Treading Water

Wetlands Loss Accelerates in Louisiana

Louisiana wetlands support a diverse ecosystem, including marshes

In late August and September 2005, the one-two punch of Hurricanes Katrina and Rita battered the Louisiana Gulf coast and obliterated 200 square miles of wetlands. Since the 1930s, the Louisiana coast has lost the equivalent of a football field every 45 minutes.

The Barataria and Terrebonne estuaries, which encompass four million acres of the very richest Louisiana wetlands, produce nearly 20 percent of the nation’s annual seafood catch from mixed salt and fresh water. Louisiana Highway 1 bisects the two estuaries, and leads to Port Fourchon on the edge of the Gulf.

The port services almost a fifth of domestic oil production and 14 percent of the crude oil imported into the U.S. The telephone poles paralleling the road now stand in several feet of water, and low-lying graveyards are relinquishing their dead to the sea. Off the coast, Grand Isle stands as one of the last barrier islands that buffer wetlands from Gulf storms.

George Barisich, president of the United Commercial Fishermen’s Association in Louisiana, has been shrimping and oystering for 40 of his 50 years, and he’s witnessed the acceleration of land to water. He and others have been asking the U.S. Army Corps of Engineers and the state government for years to build a rock jetty to protect the island. "The money they spent on studies alone in the last 30 or 40 years, they could have paid to put the rocks across there," he says. "Or, pump sand from the Gulf, and build your levees."

Look at a map of Louisiana and you"ll see the fingers of land that brush the Gulf of Mexico, built up over thousands of years by the rich silt deposits carried by the Mississippi River to its mouth. Over time, the silt compacts and the land sinks, a process called natural subsidence. This ecosystem includes the remaining barrier islands in the Gulf, salt marsh, brackish marsh, freshwater marsh and hardwood forests.

Since the Corps of Engineers first built levees a century ago, 400 million tons of silt a year have been dumped uselessly into deep Gulf waters. And since the 1930s, the oil and gas industry has bulldozed 8,000 miles of canals throughout the wetlands, a process that experts say accounts for about 35 percent of the destruction.

Hardwood forests

A comprehensive plan to restore the land was drawn up in 1996 by dozens of groups brought together by the Barataria-Terrebonne National Estuary Program (BTNEP). The plan included small water diversions and land-building by piping in sediments from nearby areas. "That allows us to put the sediments where we need them in the shortest period of time," says Kerry St. Pé, BTNEP’s executive director. The plan was approved by both the state of Louisiana and the Environmental Protection Agency (EPA), but little has been implemented.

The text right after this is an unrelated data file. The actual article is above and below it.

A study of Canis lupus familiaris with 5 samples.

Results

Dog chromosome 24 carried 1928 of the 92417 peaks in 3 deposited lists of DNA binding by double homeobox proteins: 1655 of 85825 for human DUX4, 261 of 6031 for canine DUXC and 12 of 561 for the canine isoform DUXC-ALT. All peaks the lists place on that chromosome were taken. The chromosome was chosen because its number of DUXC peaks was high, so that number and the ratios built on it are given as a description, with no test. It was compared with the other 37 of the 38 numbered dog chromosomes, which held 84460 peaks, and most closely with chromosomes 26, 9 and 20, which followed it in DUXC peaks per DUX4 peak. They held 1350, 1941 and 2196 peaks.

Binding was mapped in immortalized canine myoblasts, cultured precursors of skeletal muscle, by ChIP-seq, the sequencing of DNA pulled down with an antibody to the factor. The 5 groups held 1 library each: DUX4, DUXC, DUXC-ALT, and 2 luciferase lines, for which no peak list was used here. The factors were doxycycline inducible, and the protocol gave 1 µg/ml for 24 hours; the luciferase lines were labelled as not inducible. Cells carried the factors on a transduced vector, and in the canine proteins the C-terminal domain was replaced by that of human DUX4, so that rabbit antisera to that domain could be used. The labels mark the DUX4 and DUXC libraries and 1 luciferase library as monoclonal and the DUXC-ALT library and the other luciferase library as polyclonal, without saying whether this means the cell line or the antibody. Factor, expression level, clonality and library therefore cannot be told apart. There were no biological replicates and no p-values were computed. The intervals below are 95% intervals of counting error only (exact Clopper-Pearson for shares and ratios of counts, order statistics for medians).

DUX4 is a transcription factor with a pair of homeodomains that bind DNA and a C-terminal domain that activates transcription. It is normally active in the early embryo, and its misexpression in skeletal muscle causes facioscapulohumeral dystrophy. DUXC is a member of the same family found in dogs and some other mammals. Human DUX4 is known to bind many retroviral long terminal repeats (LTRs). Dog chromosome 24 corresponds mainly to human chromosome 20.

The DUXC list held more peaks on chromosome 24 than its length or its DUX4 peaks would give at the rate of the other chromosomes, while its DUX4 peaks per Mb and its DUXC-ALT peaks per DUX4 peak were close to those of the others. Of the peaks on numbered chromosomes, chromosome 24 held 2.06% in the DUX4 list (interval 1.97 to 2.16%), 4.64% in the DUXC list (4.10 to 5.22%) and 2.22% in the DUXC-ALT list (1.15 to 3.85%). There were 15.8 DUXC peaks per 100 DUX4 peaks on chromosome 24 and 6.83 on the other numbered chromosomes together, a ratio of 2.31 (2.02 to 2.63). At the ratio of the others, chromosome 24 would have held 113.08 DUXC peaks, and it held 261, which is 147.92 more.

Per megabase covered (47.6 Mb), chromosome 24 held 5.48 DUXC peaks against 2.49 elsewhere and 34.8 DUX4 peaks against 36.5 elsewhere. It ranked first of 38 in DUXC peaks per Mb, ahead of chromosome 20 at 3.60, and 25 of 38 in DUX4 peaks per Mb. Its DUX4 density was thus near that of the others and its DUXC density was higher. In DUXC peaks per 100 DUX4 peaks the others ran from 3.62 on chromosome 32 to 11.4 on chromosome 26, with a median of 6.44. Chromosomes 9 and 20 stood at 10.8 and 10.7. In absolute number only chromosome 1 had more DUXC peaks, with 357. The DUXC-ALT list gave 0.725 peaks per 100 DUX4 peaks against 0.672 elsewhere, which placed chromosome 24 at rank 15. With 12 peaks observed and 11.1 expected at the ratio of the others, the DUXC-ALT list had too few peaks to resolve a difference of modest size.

In 1998, the Corps of Engineers released its Coast 2050 plan, a $14 billion proposal that would have protected or restored almost half a million acres of wetlands in the Barataria basin. But the federal government requested a cheaper $2 billion version, which Congress was considering when the hurricanes struck in 2005.

After that disaster, the state of Louisiana formed the Coastal Protection and Restoration Authority (CPRA), which came up with a new plan last April. Its executive summary states, "[R]estoring sustainability to the coastal landscape is a priority [requiring] diversions of Mississippi and Atchafalaya River water."

These massive freshwater diversions would bring major salinity changes to the wetlands system that St. Pé says will not be acceptable to the diverse stakeholders who supported the BTNEP plan, especially bayou residents.

"It would destroy our way of life," says St. Pé, whose family has lived in the area for seven generations. "You can’t raise oysters, you can’t catch brown shrimp, you can’t catch blue crabs or spotted sea trout in a fresh water system," he says.

In May, the CPRA plan sailed unanimously through both houses of the Louisiana legislature and was approved by then-Governor Kathleen Babineaux Blanco. But taking action awaits the final plan of the U.S. Army Corps of Engineers, due this winter.

Many in coastal Louisiana are unimpressed with the Corps’s track record. Environmentalists, commercial fishers and residents complain that the Corps engages in endless planning but drags its feet on implementation.

The oil and gas industry, which is responsible for much of the wetland destruction, has not offered to help offset the damage. Instead, it supports a public relations campaign."When we started drilling the wetlands back in the "30s or "40s, no one thought they had any value; it was just swamp land," says Larry Wall, spokesman for the Louisiana Mid-Continent Oil and Gas Association. "And people wanted the oil and gas removed. So we used the best technology we had then. From about the 1980s, we quit using pits, we started mitigating canals by filling in one if we built another. And we tried to lessen the footprint of drilling activities."

Restoration advocates acknowledge industry improvements, but say the state and federal governments have let a politically powerful industry off the hook. Meanwhile, they united behind passage of the federal Water Resources Development Act (WRDA), which would have authorized $4 billion for new levees, wetlands restoration and the closing of the Mississippi River Gulf Outlet. WRDA was the first bill to survive a presidential veto and become law last November. In it, dollars for coastal Louisiana were cut to $1.9 billion.